When John, Ellen, and Pete return to the airfield in the helicopter, they have a brief conversation with rotor noise in the background; yet neither the main rotor shaft (behind them) nor the tail rotor are moving.
Perry, wearing a space cadet suit and helmet, opens the hatch over his face. The point of view quickly switches to Ellen and the open door, as Perry walks through the doorway, but now the hatch over Perry's face is closed.
Artistic license and suspension of disbelief notwithstanding, there is a scientific oversight worth noting: the alien's POV is in 3D, despite the fact that it's a cyclops. The otherworldly visitor has one eyeball and one pupil, when it's necessary to have at least two in order to perceive stereoscopic vision.
After the spaceship has crashed, when they look through the telescope to see the crash site the image is the correct way up but since this is an Alvin Clark refractor telescope, the image should be upside down.
When Putnam and Ellen land back at the airport in the helicopter, Putnam is holding his pipe in his mouth upside down (bowl facing down). Pipe smokers sometimes have the bowl upside down, especially when it's raining. They tamp the tobacco tightly, light it, and then turn it upside down to keep the rain out of the bowl. Some pipe smokers will have them inverted even when it's not raining, possibly as an affectation, or simply habit.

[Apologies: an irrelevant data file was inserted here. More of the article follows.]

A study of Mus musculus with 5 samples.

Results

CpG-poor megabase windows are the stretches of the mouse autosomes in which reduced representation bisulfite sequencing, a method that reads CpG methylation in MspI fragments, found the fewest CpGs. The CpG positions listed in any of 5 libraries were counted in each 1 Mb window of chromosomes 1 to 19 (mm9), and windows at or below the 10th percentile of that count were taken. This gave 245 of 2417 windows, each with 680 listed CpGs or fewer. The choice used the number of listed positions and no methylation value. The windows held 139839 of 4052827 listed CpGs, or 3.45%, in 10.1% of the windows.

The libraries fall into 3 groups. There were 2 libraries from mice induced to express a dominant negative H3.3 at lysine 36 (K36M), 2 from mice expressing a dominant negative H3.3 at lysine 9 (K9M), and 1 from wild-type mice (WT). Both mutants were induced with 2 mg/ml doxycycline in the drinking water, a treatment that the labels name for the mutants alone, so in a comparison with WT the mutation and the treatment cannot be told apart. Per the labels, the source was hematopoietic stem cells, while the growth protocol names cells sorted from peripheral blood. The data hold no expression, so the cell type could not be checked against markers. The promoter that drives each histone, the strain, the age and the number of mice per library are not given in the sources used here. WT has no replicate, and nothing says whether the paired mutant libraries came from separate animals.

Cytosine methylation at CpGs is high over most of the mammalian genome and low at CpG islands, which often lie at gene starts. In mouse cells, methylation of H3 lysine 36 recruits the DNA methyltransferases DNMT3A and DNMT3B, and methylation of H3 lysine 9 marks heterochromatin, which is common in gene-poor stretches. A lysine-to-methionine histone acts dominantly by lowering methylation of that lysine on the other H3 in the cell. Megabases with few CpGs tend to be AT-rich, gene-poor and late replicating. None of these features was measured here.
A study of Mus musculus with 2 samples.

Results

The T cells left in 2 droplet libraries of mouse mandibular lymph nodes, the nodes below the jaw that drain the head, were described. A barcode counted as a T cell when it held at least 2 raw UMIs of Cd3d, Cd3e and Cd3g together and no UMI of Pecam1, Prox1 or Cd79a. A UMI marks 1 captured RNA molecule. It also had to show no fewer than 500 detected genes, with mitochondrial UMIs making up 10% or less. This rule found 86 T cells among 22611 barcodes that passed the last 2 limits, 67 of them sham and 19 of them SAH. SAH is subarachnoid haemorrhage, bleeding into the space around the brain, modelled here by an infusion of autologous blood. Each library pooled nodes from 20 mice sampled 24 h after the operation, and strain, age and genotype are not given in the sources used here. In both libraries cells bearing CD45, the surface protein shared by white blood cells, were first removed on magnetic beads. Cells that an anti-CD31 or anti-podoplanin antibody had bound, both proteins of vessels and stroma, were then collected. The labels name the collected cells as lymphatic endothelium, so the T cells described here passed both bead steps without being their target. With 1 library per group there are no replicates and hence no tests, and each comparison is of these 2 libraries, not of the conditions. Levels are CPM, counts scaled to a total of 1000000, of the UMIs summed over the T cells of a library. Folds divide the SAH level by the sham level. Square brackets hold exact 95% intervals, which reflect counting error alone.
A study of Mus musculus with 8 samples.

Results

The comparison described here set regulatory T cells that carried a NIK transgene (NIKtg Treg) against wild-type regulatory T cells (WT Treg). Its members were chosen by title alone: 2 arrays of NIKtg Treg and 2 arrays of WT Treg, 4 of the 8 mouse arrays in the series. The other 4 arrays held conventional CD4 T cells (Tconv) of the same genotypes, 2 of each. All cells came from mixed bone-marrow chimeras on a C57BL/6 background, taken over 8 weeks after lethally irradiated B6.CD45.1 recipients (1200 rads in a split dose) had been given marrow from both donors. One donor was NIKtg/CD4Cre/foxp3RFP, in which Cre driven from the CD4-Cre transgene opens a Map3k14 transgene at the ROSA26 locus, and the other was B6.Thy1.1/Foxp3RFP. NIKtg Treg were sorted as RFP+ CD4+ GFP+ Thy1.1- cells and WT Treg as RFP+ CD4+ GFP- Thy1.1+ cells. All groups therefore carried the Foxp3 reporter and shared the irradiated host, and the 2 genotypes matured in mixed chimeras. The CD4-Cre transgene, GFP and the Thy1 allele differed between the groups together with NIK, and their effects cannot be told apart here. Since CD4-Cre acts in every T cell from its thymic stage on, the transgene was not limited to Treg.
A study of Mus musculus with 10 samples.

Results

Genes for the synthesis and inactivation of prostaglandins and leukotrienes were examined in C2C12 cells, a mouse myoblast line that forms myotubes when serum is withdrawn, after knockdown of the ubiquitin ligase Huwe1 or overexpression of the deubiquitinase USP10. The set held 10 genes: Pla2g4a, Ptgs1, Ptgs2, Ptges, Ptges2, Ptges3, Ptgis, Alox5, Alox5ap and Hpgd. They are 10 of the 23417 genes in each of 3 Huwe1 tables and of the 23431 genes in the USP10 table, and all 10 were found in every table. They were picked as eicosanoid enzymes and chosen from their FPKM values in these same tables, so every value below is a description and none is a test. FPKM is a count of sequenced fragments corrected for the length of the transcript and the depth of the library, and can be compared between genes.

When the aliens assume the forms of all the people they've kidnapped, they're always wearing the same clothes their victims had been wearing when they were taken - with two exceptions: Putnam and Ellen. In their cases, the aliens raided their homes and stole clothes for their "duplicates". First: how did the aliens end up in the same clothes worn by the other people? Did all these people have two identical sets of clothing lying around their houses? Second: why steal different clothing for the Ellen and Putnam clones? Third: at least in the case of Ellen, why did they empty out her entire wardrobe instead of taking just one dress? Fourth: if, under a different but unstated hypothesis, the aliens only appeared to be dressed the same as the others - i.e., through morphing or some other illusion - then why would they need to steal anybody's clothes?
When Richard Carlson and Barbara Rush blow out three candles, there's another half-second delay before the light in the room actually goes out. Clearly, the off-stage light, that was supposed to go out at the same time the candles were blown out, was turned off just a second too late.